The Journal of the Lincoln Heights Literary Society
Miscellanea and Ephemeron


Draycott Eternal
Written by Christina Skye
Published by HQN Books, imprint of Harlequin Enterprises
ISBN-10: 0373772947
ISBN-13: 9780373772940

Review by Jilly Gee

Draycott Eternal is a Harlequin publishing of two stories from the Draycott Abbey series: "What Dreams May Come" and "Season of Wishes", the original publishings of which are now out of print. In fact, quite a few of the stories from this series are currently out of print, which is a shame since the series crosses many of the sub-genres of romance, ensuring that it appeals to many. Hopefully, Harlequin will reprint the rest of the unavailable books.

The Draycott Abbey series is named for the English abbey from which all of the stories stem. Adrian Draycott still thinks of the place as his, despite the fact that he's been dead for 800 years and now dwells there as a guardian spirit with Gideon, who seems just a tad too smart for a cat. "What Dreams May Come" begins with the pair contemplating the trouble that they sense is on the way. This trouble comes on the heels of Gray Mackenzie, whose purpose in coming all the way to England from America is twofold: to capture the beautiful location in her artwork and to hide from her crazed ex-husband. Upon meeting Adrian, she dreams of the Lady Anne of Draycott, who lived 800 years ago, while Adrian starts to feel desires that have remained dormant for hundreds of years.

In "Season of Wishes", the setting moves from Draycott Abbey to majestic castles in Scotland. Jamee Night comes from an incredibly rich American family, making her the prime target for a kidnapping attempt. Ian McCall, a seasoned kidnap negotiator, is hired as a sort of bodyguard for her, though that not only means shielding her from bullets and the like, but shielding her from the truth. Being trapped together in a cottage for a few days, however, their attraction towards each other grows to the point where he can't keep secrets from her anymore and she overcomes the apprehension she has about relationships, wanting only Ian, trusting him completely.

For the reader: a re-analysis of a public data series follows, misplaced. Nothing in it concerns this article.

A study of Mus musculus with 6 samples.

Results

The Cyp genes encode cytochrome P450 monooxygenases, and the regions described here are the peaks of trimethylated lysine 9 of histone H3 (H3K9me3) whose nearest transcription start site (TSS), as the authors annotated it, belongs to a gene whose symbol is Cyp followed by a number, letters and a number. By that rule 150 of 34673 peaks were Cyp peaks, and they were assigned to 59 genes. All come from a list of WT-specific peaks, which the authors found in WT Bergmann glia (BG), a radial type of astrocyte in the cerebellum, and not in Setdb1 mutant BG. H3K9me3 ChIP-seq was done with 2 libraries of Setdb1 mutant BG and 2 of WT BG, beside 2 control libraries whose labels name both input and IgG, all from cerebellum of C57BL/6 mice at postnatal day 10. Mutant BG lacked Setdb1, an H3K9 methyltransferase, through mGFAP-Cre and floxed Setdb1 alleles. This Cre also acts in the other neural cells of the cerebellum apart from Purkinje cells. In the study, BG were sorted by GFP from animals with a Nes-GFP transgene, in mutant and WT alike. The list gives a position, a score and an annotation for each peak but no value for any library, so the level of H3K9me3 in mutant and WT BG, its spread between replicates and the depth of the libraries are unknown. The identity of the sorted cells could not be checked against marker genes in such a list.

Even after they escape to the relative safety of Dunraven Castle, their feelings do not waver, although it is at this point that things get a bit frustrating. Jamee, wavering between wanting to distance herself from Ian so that he would not be hurt for her sake and wanting to draw him closer, not just for her own wants and needs, but to get him to admit that his feelings are getting in the way of his protection so that he could be replaced and out of danger. Ian, however, has completely different reasons for attempting to deny his own feelings, the same reasons for which he is about to leave his career. It is a great relief that the rest of the novel does not involve their miscommunication and secrecy from each other, instead each opening up to each other more and sharing more as the pages go by.

Gray is not the only one to have dreamed a life from ages ago; Jamee, having seen Maire MacKinnon's portrait at Dunraven Castle, dreams of Maire MacKinnon and her Romeo-and-Juliet-like romance with Coll MacColl. It is not until she gets to Glenlyle Castle, Ian's castle, that she dreams the truth and realizes what she must do to save the man she has fallen in love with.

"Season of Wishes" dipped into the past, not only the very far past of Maire MacKinnon, but also the more recent past that traumatized Jamee before the start of the story. "What Dreams May Come", on the other hand, dipped into Anne Draycott's life satisfyingly enough, but left knowledge of contemporary Gray's life somewhat lacking in comparison to Jamee. Being just a novella, there was not room for much in Adrian and Gray's story, their passion for each other instantaneous instead of the steady growth Ian and Jamee had.

Not having read the previous novels, I found the two stories enjoyable and understandable all on their own. My enjoyment probably would have been enhanced had I read the novels in the order in which they were written, since couples that appeared in this novel obviously had stories of their own, exciting ones at that. Nicholas and Kacey escape from murderers? Kara has some kind of second sight? Nicholas possibly being 200 years old? Still, it is not their stories that matter in Draycott Eternal, and this novel artfully combines the paranormal, the fantastical, and the historical into an adventurous, heated read; every romance fan should be able to find something to love in it.